Netherlands and Manchester United midfielder Donny van de Beek has been ruled out of this summer’s European Championships due to injury.
Frank de Boer, the head coach, will not be calling up a replacement for the tournament, which starts for the Netherlands on Sunday against Ukraine.
The Netherlands broke the news on Tuesday morning in a post on Twitter, which read: “Van de Beek has to let the European Championship pass by. The midfielder is struggling with an injury.
🔶 Donny van de Beek misses EURO 2020
Van de Beek has to let the European Championship pass by. The midfielder is struggling with an injury. As a result, he is not available in time for EURO 2020. Frank de Boer will not call a replacement for Van de Beek.
Get well soon, Donny! 🙏
— OnsOranje (@OnsOranje) June 8, 2021
“As a result, he is not available in time for EURO 2020. Frank de Boer will not call a replacement for Van de Beek.”
Van de Beek, who was signed by United from Ajax last summer for an initial fee in the region of £35m, made just four Premier League starts in a frustrating first season in England.
Group C preview: Plain sailing for the Dutch?
A comprehensive look at Euro 2020 Group C with Ukraine, Netherlands, Austria and North Macedonia looking to book their place in the knockout stages of the tournament.
In a nutshell
The future looks bright for Ukrainian football. A change in the way they develop players has triggered an influx of talented and technically gifted players coming through their youth academies. Taras Stepanenko, Oleksandr Zinchenko and Ruslan Malinovskyi are a midfield to be feared in Group C.
Andriy Shevchenko – AC Milan legend Shevchenko is approaching his first major tournament as head coach after five years in charge.
Ukraine’s objective is to reach the knockout stages of the European Championship for the first time after group-stage exits in 2012 and 2016. The former Chelsea striker was an assistant coach in France five years ago and was promoted to the No 1 position following the tournament.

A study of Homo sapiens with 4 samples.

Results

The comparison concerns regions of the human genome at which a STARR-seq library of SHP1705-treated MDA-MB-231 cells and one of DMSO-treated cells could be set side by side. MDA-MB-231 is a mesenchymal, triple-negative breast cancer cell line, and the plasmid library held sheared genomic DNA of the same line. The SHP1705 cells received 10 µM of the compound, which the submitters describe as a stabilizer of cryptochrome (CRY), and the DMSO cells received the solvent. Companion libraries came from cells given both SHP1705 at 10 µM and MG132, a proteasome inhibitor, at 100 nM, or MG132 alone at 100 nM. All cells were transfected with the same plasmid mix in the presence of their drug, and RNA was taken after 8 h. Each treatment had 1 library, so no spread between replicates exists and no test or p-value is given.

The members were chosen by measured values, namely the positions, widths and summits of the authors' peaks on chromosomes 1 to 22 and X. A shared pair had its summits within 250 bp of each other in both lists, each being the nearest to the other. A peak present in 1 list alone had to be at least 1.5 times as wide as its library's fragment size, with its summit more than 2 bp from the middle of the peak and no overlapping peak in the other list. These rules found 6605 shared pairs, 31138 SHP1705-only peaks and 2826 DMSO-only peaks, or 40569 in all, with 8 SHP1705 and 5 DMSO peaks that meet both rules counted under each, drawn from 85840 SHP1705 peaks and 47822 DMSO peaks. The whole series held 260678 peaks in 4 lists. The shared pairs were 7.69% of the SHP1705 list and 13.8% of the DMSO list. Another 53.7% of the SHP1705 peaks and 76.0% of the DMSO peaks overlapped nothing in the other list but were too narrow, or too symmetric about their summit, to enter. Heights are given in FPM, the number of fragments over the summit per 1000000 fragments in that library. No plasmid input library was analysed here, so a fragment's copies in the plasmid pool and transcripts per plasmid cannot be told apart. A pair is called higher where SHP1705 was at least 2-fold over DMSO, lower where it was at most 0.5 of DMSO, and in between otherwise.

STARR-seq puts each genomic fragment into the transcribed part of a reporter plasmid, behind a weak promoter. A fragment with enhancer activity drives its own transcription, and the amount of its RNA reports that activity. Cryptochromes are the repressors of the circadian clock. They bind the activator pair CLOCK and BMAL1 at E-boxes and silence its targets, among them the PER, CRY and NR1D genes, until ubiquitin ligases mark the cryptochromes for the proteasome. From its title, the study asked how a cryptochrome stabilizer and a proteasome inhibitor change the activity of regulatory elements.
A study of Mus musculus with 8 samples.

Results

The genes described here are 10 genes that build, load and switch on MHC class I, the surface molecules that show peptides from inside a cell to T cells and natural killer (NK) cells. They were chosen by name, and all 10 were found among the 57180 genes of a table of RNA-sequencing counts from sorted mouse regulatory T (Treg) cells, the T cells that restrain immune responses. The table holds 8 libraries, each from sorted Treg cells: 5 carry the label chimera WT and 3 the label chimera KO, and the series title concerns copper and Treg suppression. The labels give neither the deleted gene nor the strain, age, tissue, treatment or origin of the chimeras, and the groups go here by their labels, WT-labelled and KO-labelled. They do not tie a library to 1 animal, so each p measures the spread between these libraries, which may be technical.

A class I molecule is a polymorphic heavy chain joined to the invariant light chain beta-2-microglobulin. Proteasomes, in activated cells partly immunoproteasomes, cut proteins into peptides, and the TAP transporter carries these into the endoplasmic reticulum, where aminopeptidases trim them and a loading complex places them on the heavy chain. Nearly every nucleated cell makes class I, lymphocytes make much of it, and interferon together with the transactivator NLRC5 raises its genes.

In a nutshell
The Dutch are back at a major tournament after back-to-back qualification failures. They arrive without their star attraction though in Virgil van Dijk but have drawn themselves a very winnable group to attack.
Frank de Boer – The latest stellar name of past great Oranje sides to try his hand at guiding his country to tournament success. The Netherlands have lost three World Cup finals and have won just one European Championship, coming back in 1988 but this summer offers De Boer the chance to rebuild his reputation.
He replaced Ronald Koeman at the beginning of last season after Barcelona came calling, and it came as a surprise given his disastrous managerial spells at Inter Milan and Crystal Palace in recent years. The 4-2 defeat to Turkey in the first game of World Cup 2022 qualifying means the pressure is already on.
In a nutshell
Austria have taken on a more defensive approach in recent years, seen in dispatches during the 1-0 friendly loss to England at the Riverside. Foda guided Austria to a runner-up spot behind Poland in qualifying, one place above fellow Group C opponents North Macedonia.
Franco Foda – The 55-year-old German won the Austrian Cup with Sturm Graz in 2010 and the Austrian Bundesliga a year later, but this is by far his biggest job.
Austria have never won a game in their six previous matches at the European Championships but in facing the Netherlands, Ukraine and North Macedonia, they will not stand a better chance of ending this record. They face the rank outsiders in the tournament first up in Bucharest and Swiss coach Foda faces the task of being more adventurous in the opener.
In a nutshell
Four wins and two draws from 10 group matches meant they qualified for this summer’s tournament via the back door, a Path D play-off victory over Georgia. Any such complacency among their group counterparts will surely be punished, in the same way Germany were consigned to their first World Cup qualifying defeat in 20 years only a few months ago.
Igor Angelovski – The 45-year-old has been in charge since 2015 when he replaced Ljubinko Drulovic, who left to take over at Serbian giants Partizan Belgrade. Angelovski guided his nation to third place in qualifying behind winners Poland and runners-up Austria. This is his second managerial role having previously been in charge of Rabotnicki.